MIAMI -- By the fifth and final day of the 2006 pre-draft camp in Orlando, most of the scouts and coaches had gone home. The Utah Jazz contingent remained, hoping for one more look at a chunky power forward nobody else seemed to want. Through the first four days of camp, Paul Millsap appeared out of shape and out of place, unable to create his shot or hold his position. But on the last day, Millsap began to assert himself, demonstrating how he led the nation in rebounding two years in a row at Louisiana Tech. The Jazz staff reasoned that Millsap was not the kind of player built for pre-draft camps, which tend to showcase shooters and drivers. He needed a system.
Millsap fell to the second round, in part because of his unimpressive showing in Orlando, and the Jazz grabbed him with the 47th pick. Millsap made for a sweet footnote, another power forward from Louisiana Tech, following the lead of Karl Malone. But the Jazz soon learned that Millsap had more in common with Malone than his alma mater. "They are no-nonsense guys," said Jazz coach Jerry Sloan, "who work all the time." Millsap would spend hours shooting three-pointers in practice, though he rarely attempted one in a game. Point guard Deron Williams would ask him before every season, "You going to start shooting them now?"
Heading into Tuesday night in Miami, Millsap had taken 20 three-pointers in his career and made two. It's not that he passed up the outside shot. He barely even stepped out to the perimeter. As the backup to Carlos Boozer, Millsap viewed himself as a designated bruiser, and last season he averaged a workmanlike 11.6 points and 6.8 rebounds. He was quietly studying the Jazz system, preparing to show the world what he was showing his teammates in practice.
This summer, Boozer left Utah for Chicago, and the following week, the Jazz traded for Al Jefferson. In theory, Jefferson would replace Boozer's offense, regardless of whether he was playing power forward or center. But Millsap saw the situation differently. His opportunity had finally arrived. "This season was what I've been waiting for all my life," he said. "My thing was to come out and prove I am worthy to play that position."
Most players need months to make their case. Millsap made it in one night. He poured in 46 points on Tuesday, the most he could remember scoring in his whole life. He sank three three-pointers, more than his career total. He led the Jazz back from a 22-point deficit, threw in a put-back at the buzzer to force overtime, and then finished a 116-114 victory with Jefferson benched and Williams fouled out. "Miracle," said Williams, sounding almost as dumbfounded as the Heat, who lost on their home floor for the first time this season. "I've never seen [Millsap] hit a three before," said Bosh. "In my mind, when he was shooting it, I was saying, 'Box out, it's probably coming off.' At the end of the day, if you look at every player they have, he was probably the one we wanted shooting it."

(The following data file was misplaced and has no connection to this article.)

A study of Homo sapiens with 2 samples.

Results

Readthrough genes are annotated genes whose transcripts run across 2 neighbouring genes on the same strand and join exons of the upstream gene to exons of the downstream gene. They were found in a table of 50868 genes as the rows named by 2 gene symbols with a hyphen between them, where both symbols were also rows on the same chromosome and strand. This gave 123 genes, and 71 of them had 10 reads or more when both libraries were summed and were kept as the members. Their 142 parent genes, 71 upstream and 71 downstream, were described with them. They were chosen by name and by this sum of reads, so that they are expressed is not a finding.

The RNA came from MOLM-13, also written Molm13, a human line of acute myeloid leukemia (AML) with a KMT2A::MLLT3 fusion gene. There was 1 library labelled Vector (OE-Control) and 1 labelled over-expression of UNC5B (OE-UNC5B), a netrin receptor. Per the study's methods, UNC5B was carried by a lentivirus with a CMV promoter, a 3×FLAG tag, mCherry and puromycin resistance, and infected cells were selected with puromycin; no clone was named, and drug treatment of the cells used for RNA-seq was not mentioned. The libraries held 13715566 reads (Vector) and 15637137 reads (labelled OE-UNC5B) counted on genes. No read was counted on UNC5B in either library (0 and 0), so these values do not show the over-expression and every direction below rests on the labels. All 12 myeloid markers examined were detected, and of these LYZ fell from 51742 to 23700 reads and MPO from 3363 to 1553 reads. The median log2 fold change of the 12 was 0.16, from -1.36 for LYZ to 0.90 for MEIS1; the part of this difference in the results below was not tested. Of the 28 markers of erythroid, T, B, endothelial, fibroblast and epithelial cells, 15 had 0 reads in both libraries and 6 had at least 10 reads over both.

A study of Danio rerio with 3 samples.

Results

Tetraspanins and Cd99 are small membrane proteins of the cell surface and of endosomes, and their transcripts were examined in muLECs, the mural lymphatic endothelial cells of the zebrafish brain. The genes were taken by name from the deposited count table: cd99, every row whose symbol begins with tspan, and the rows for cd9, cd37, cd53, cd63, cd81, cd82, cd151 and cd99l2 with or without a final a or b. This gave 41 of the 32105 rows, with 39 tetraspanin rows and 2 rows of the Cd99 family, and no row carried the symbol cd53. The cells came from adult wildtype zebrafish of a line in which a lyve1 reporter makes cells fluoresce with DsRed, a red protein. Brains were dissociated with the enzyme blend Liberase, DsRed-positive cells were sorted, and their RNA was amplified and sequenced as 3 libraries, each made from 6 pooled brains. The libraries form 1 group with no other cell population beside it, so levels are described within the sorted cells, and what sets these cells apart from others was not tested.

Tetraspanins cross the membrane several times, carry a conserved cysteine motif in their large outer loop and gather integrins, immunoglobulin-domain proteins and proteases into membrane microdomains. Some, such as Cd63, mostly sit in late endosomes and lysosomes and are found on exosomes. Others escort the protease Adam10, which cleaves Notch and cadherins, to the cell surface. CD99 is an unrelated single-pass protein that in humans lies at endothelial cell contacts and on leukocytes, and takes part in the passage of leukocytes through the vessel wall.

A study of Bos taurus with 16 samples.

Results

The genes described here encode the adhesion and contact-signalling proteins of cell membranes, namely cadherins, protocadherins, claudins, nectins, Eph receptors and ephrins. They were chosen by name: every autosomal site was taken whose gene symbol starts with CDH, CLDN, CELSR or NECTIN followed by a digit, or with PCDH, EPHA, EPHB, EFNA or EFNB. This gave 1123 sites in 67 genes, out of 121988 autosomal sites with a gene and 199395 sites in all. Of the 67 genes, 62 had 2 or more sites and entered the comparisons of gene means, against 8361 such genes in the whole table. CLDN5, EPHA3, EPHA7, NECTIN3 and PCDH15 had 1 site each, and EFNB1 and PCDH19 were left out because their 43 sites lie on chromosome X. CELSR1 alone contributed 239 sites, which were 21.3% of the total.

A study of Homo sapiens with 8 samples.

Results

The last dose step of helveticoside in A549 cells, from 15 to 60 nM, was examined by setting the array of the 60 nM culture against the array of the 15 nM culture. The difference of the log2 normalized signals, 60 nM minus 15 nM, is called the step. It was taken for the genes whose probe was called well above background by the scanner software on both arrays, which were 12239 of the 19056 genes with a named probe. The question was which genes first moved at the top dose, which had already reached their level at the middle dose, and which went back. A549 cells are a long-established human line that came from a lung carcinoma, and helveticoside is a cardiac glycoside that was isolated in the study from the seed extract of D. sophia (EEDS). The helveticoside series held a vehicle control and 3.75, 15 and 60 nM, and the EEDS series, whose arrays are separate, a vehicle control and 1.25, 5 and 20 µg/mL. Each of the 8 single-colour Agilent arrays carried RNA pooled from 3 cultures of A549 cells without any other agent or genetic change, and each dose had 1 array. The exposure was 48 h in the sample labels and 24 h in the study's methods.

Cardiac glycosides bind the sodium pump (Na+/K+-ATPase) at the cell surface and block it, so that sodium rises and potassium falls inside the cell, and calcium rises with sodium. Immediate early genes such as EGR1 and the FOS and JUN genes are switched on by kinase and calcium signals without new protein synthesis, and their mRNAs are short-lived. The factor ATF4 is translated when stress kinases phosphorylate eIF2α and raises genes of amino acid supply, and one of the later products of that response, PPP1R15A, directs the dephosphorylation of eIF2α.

Millsap's supporting cast in overtime included Kyrylo Fesenko, C.J. Miles, Ronnie Price and Francisco Elson, none of whom was in the starting lineup. They were up against LeBron James, Dwyane Wade and Bosh. It felt like a first-round NCAA tournament game and the Jazz was the 15-seed. "I couldn't watch," Williams said. Neither could a lot of Heat fans, who bolted when their team was up by six points with 27.3 seconds left in regulation. They missed an uprising from Millsap that called to mind Reggie Miller more than Malone. In the final 12.1 seconds, Millsap scored eight points, with two three-pointers.
The Jazz attributed their surge to a motivational speech by Raja Bell at halftime and a tongue-lashing from Sloan, who saw his team setting half-hearted screens in the second quarter and thought they might be quitting. But opponents should know by now that Utah teams do not quit. "I got pissed off by the look on the faces of the Miami players," said Fesenko. "It's like they were winning and that's how it was supposed to be."
Sloan went with Fesenko over Jefferson in the fourth quarter and in overtime, until Fesenko sprinted off the court late in OT, for fear the Heat would foul him. "I'm not sure under so much pressure I can make both free throws," said Fesenko, a career 38 percent foul shooter. He was relieved by Elson, who drained the clinching free throws and set off a minor celebration in the Jazz locker room, where Price hummed "It's a beautiful day in the neighborhood."
The Jazz are famously understated, but even they acknowledged this was no typical November win. They have sputtered without Boozer, losing three of their first six games and needing double overtime to beat the Clippers at home on Saturday. Jefferson is still learning the offense, which requires big men to make more reads than he is accustomed. Jefferson admits that he may not fully grasp all the concepts until January. Millsap, on the other hand, has spent four years in the system. He has mastered it the way scouts and coaches predicted he would, back when he was a fringe prospect in Orlando. Millsap has earned the green light.
"He will have it," Sloan said, "from now on."